It’s time to change your password again.
More than 87GB of passwords and email addresses have been leaked and distributed in a folder dubbed “Collection #1” by hackers in a significant data breach.
As detailed by security researcher Troy Hunt, the trove of nearly 22 million unique passwords and more than 772 million email addresses was hosted on cloud storage service MEGA.
The link to the dump was posted on a hacking forum, but has been since taken down from the service.
New breach: The “Collection #1” credential stuffing list began broadly circulating last week and contains 772,904,991 unique email addresses with plain text passwords (now in Pwned Passwords). 82% of addresses were already in @haveibeenpwned. Read more: https://t.co/BAa3rbgZo4
— Have I Been Pwned (@haveibeenpwned) January 16, 2019
Hunt explains the cache of emails and passwords were built up from numerous data breaches from allegedly thousands of sources, dating all the way back to 2008.
He came across the collection of files after he was alerted by “multiple people” last week, and discovered the breach even includes an email address and password he used years ago.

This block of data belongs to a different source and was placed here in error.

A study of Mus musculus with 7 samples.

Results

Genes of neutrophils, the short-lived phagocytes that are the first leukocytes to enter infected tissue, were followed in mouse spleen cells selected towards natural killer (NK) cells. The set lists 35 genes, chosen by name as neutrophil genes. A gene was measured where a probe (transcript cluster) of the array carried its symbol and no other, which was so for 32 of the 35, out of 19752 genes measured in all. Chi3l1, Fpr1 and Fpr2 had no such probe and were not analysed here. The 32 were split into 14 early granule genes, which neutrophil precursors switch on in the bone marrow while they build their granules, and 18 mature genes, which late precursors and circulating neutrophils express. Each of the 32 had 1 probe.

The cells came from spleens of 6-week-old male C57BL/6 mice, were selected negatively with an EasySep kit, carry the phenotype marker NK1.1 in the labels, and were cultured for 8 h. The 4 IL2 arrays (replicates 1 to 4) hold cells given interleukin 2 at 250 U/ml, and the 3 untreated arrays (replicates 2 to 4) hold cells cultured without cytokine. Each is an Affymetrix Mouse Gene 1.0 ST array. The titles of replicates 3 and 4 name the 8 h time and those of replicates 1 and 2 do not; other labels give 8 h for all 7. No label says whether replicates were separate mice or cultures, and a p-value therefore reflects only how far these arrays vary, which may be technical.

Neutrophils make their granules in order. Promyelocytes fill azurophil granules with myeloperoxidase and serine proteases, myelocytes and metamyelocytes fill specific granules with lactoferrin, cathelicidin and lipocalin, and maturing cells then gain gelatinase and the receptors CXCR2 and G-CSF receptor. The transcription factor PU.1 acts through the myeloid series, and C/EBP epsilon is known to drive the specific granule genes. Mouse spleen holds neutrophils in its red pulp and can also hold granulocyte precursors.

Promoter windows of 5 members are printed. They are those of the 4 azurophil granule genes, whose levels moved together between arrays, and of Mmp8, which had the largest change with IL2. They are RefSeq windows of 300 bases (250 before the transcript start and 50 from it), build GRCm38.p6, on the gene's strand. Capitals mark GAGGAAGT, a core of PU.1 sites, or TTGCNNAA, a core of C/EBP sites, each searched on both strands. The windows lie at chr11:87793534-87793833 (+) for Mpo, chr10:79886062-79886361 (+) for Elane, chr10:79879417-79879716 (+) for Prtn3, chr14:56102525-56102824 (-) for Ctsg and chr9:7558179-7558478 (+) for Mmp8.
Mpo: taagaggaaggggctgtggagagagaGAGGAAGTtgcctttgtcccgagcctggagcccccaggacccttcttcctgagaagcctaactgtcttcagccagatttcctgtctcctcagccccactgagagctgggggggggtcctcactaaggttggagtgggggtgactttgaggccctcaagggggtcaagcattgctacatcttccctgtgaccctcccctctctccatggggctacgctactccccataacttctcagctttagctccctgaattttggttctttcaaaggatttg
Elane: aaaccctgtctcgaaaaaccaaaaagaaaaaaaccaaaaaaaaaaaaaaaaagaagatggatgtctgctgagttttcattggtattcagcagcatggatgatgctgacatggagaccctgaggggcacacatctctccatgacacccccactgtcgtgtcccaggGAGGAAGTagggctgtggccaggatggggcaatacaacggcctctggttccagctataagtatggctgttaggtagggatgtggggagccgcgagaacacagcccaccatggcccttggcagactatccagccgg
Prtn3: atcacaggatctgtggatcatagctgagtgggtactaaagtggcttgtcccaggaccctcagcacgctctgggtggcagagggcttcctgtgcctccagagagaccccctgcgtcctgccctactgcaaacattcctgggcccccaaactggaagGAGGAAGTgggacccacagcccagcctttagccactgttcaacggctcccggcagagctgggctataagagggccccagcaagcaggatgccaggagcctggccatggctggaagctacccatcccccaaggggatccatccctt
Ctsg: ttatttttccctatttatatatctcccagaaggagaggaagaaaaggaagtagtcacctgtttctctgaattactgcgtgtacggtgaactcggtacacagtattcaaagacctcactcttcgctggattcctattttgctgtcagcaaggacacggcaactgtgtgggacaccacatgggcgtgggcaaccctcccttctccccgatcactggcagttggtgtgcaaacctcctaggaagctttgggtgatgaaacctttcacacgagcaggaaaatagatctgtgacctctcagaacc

“Like many of you reading this, I’ve been in multiple data breaches before which have resulted in my email addresses and yes, my passwords, circulating in public,” he wrote.
“Fortunately, only passwords that are no longer in use, but I still feel the same sense of dismay that many people reading this will when I see them pop up again.”
Hunt has loaded the email addresses and passwords into his site, haveibeenpwned, which allows people to be notified when their email has been tangled in a breach, or check if a password has been exposed and is thus unsuitable for use.
After you’re done checking whether if your email address or password has been compromised, it’s worth looking into a password manager, or even an analog one like a notebook, where you can store difficult to remember passwords in.
“It might be contrary to traditional thinking, but writing unique passwords down in a book and keeping them inside your physically locked house is a damn sight better than reusing the same one all over the web,” he added.